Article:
Migrants traveling from Moroccan-controlled Western Sahara to the Canary islands claim Moroccan soldiers opened fire on them, lethally injuring one, according to Reuters.
Spanish authorities have responded to the reports of violence by saying they are investigating the matter, on May 26th.
Advisor on migration to the Canary Islands, Txema Santana, spoke about the incident and stated that the group of migrants told rescuers two people were killed by the shots fired from an “anti-migration checkpoint” in Morocco on May 23rd. The head of the Morocco-based Walking Borders Helena Maleno, corroborated this story, reporting that survivors who were still in Morocco told her that the soldiers opened four rounds of fire on the departing migrant’s dinghy, hitting and killing a young Malian man.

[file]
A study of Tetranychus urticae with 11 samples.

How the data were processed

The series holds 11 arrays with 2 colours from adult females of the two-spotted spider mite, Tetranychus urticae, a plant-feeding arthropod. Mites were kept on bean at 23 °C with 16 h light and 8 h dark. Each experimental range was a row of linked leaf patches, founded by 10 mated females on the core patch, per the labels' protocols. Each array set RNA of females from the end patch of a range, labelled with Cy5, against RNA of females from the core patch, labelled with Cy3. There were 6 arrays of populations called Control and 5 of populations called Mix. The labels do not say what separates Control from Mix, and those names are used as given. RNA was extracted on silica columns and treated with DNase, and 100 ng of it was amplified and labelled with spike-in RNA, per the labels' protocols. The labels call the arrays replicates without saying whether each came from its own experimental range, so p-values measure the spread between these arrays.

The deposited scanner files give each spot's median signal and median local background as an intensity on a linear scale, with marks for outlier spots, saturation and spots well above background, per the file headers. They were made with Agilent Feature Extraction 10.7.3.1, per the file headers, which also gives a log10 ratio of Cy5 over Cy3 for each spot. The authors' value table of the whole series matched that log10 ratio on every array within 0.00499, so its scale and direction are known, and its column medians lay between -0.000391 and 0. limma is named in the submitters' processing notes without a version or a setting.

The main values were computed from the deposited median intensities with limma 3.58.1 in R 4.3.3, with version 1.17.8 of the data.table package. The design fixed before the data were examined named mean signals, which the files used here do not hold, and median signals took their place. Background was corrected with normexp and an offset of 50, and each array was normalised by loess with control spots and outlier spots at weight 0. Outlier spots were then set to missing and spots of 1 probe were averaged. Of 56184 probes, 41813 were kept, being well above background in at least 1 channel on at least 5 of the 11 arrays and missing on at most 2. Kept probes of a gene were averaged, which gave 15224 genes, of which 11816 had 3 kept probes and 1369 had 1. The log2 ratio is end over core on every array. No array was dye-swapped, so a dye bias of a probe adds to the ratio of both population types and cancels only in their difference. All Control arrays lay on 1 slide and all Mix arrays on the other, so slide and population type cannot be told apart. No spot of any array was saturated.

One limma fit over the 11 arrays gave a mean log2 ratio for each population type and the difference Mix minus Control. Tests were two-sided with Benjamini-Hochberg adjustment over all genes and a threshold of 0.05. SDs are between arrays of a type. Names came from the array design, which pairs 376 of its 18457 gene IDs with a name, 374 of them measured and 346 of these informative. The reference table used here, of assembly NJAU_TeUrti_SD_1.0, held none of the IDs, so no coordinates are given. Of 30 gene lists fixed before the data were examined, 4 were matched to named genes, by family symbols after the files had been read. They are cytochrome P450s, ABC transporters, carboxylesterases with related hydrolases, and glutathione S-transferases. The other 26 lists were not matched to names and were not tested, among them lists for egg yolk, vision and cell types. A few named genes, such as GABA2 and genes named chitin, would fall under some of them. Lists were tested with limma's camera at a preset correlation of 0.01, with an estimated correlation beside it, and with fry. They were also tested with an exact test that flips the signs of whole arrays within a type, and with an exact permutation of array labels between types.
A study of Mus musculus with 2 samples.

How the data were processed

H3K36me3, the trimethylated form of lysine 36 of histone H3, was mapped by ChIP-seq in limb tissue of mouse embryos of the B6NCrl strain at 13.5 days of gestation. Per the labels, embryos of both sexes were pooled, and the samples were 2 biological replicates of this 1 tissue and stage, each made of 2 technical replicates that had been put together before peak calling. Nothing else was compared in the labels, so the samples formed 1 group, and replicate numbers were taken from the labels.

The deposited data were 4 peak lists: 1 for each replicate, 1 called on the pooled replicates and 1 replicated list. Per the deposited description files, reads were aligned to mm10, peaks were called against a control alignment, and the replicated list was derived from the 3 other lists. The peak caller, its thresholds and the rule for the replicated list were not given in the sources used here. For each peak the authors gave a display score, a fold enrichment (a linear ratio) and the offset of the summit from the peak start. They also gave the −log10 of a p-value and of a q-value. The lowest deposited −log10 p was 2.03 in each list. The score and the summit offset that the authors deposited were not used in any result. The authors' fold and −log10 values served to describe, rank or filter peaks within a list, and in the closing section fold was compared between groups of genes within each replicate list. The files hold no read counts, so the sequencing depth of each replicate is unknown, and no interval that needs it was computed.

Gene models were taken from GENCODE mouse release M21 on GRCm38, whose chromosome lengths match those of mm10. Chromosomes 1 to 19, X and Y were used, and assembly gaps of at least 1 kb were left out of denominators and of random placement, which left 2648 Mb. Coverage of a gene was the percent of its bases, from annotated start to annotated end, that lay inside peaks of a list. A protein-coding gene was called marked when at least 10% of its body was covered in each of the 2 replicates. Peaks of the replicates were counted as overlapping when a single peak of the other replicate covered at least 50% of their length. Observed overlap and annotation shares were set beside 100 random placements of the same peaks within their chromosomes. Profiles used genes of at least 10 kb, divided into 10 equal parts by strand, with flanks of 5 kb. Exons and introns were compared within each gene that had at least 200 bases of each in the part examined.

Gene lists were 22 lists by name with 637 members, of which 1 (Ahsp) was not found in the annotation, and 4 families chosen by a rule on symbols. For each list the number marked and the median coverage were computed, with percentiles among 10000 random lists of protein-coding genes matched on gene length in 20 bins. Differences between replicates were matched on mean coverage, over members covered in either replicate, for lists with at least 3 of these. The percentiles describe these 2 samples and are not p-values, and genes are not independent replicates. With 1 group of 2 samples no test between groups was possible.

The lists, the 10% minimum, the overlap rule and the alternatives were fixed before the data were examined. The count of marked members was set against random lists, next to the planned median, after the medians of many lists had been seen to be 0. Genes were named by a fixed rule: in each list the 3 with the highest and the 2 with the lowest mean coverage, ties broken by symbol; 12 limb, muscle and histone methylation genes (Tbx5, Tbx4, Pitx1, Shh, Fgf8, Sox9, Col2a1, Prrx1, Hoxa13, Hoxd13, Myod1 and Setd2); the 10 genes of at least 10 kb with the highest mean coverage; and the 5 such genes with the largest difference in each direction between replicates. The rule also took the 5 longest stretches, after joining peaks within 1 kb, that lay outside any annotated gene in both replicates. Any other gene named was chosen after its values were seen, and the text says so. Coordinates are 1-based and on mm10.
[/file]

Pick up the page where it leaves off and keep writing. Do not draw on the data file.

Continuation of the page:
Following the incident, the migrants continued to depart and were recovered on the night of May 24th by a Spanish patrol 12 miles south of Gran Canaria.
Despite an initial statement by a spokesperson for the Spanish government in the Canary Islands, who reported no migrants showing gun injuries, a subsequent statement from a Spanish police source indicated the treatment of a migrant in the Canary Islands due to bullet exit and injury wounds.
This situation is underscored by a tragic event from the previous year when a mass border crossing attempt between Morocco and Spain’s North African enclave of Melilla resulted in the loss of at least 23 lives, with numerous individuals injured or reported missing. In light of the such reporting discrepancies and the tragic incidents witnessed last year, it has become crucial to closely monitor the escalating employment of force by Moroccan authorities.